L&G Joins Battle For Co-Op Insurance Arm
Legal & General, the FTSE 100 insurance and pensions giant, is joining the battle to take over a slice of the troubled Co-Operative Group after tabling an offer for the mutual's household insurance operation.
Sky News understands that L&G, which has been on an acquisition spree under its new chief executive, has submitted a bid for the household insurance book that the Co-Op has earmarked for disposal as it seeks a £1.5bn rescue package for its banking operation.
L&G is only understood to be interested in the Co-Op's home insurance business and not its motor insurance book, an approach which is forcing the mutual's advisers to examine different ways of carving up the insurance business.
The household insurance book is thought to be worth several hundred million pounds, although analysts have a broad range of views about the price-tag that the Co-Op will be able to command for the business.
L&G has made a number of acquisitions since Nigel Wilson, its former finance director, took over as chief executive last year. It owns a stake in Cala, the Scottish housebuilder, and bought Cofunds, an online investment platform, in March.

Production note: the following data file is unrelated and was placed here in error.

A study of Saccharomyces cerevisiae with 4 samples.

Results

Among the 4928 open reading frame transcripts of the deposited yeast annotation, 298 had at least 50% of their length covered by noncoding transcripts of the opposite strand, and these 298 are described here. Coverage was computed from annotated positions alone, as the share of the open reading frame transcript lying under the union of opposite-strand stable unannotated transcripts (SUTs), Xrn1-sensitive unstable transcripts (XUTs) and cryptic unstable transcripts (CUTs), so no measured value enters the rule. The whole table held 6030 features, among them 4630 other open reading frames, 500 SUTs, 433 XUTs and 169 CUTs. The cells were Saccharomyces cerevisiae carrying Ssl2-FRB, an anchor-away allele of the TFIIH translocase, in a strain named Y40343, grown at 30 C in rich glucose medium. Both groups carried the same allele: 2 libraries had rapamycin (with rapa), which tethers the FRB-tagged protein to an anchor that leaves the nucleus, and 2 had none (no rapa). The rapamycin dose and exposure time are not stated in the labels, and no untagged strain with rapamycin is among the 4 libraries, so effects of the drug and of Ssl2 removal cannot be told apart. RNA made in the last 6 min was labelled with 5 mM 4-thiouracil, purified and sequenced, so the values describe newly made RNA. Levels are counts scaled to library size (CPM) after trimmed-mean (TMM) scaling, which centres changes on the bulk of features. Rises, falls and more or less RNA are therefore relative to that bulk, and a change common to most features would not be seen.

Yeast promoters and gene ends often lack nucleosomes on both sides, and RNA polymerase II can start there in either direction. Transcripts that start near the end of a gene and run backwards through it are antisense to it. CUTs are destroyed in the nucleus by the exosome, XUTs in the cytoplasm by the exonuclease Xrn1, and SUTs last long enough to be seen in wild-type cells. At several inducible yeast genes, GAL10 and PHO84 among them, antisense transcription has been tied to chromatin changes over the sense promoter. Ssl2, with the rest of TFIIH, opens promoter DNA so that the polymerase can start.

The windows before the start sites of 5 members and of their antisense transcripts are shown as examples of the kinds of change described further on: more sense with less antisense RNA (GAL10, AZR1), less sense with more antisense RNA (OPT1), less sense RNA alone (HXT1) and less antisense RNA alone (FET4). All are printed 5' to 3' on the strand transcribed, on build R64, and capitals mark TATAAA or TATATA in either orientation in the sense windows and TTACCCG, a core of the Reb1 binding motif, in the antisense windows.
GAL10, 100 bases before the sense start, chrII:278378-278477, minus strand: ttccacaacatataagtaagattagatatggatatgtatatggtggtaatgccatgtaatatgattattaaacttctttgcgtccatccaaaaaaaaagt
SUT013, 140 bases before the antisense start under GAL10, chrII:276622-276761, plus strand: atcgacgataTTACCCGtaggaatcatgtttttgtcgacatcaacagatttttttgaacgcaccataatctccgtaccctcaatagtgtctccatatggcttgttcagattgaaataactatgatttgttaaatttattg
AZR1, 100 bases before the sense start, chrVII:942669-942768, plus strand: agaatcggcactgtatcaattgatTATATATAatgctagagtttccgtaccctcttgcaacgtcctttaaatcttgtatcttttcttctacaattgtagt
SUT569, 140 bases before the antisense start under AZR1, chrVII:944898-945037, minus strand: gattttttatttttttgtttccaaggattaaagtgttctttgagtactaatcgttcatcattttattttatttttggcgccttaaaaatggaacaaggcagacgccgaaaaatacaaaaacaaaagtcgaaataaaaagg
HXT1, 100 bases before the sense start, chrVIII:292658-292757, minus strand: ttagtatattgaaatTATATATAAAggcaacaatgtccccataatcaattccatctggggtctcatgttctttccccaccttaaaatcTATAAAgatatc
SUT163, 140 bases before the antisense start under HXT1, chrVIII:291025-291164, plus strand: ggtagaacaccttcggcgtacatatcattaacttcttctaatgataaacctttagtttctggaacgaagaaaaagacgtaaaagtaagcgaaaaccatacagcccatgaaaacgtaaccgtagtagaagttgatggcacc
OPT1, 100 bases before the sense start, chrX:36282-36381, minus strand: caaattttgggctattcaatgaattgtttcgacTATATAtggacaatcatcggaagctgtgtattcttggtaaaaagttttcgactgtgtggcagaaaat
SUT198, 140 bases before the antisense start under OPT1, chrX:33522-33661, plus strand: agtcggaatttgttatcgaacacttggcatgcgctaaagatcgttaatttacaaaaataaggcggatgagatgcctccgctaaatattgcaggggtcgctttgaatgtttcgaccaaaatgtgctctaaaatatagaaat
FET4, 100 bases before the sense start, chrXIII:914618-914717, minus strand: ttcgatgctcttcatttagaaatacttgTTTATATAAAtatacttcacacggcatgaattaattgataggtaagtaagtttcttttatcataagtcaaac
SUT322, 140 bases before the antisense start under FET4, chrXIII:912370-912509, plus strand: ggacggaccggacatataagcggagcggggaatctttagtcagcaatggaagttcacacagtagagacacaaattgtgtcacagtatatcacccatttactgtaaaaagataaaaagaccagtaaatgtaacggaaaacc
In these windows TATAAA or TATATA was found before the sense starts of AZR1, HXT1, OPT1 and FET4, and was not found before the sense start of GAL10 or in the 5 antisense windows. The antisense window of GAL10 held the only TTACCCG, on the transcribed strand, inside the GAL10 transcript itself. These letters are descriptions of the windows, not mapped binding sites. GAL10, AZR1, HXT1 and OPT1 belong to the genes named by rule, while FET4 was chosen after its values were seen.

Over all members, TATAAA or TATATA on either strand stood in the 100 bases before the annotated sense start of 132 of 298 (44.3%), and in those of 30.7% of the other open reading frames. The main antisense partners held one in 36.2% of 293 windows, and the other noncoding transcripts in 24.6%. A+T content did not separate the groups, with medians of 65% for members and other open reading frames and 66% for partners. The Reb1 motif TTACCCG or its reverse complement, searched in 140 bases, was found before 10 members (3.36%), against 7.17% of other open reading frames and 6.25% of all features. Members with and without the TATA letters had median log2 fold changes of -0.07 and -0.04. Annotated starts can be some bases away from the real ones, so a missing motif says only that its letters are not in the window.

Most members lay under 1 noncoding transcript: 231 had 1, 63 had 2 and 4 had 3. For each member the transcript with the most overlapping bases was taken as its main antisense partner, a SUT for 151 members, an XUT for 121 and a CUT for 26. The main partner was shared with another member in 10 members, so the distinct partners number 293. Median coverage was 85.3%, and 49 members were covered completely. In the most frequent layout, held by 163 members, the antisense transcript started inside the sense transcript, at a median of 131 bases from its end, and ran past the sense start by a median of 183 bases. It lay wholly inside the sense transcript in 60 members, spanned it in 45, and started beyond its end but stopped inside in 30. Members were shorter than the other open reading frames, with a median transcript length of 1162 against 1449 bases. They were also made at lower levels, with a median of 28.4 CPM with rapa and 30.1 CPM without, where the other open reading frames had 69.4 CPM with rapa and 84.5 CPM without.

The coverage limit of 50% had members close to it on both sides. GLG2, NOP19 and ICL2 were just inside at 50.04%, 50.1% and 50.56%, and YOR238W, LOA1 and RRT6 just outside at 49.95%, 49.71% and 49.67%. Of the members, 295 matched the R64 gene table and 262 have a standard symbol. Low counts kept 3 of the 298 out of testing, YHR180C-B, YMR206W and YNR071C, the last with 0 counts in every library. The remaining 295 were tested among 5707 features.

Among the other bidders for the Co-Op general insurance operation are Catalina Holdings, a consolidator of general insurance firms, and Anacap, a specialist financial services investor which last week lost out with an attempt to acquire 314 branches from Royal Bank of Scotland.
Separately, Advent International has been working with the former chief executive of RSA Insurance, Andy Haste, on a possible offer for the Co-op arm.
The mutual's proposals to fill a £1.5bn black hole in the balance sheet of the Co-operative Bank, which were approved by the industry regulator in June, have angered bondholders who will be forced to take a significant hit on the value of their investments.
The Co-op's new chief executive, Euan Sutherland, has insisted that he will not sell any of the mutual's other assets, including the Funeralcare arm, which has also attracted interest from buyout firms.
His ability to resist such offers may, however, depend to a degree on the price he is able to command for the general insurance unit, with analysts' estimates varying over its value from £250m to as much as £600m.
Deutsche Bank is handling the sale on behalf of the Co-op, whose life insurance operation has already been sold to Royal London for nearly £220m.
The Co-Op and L&G both declined to comment.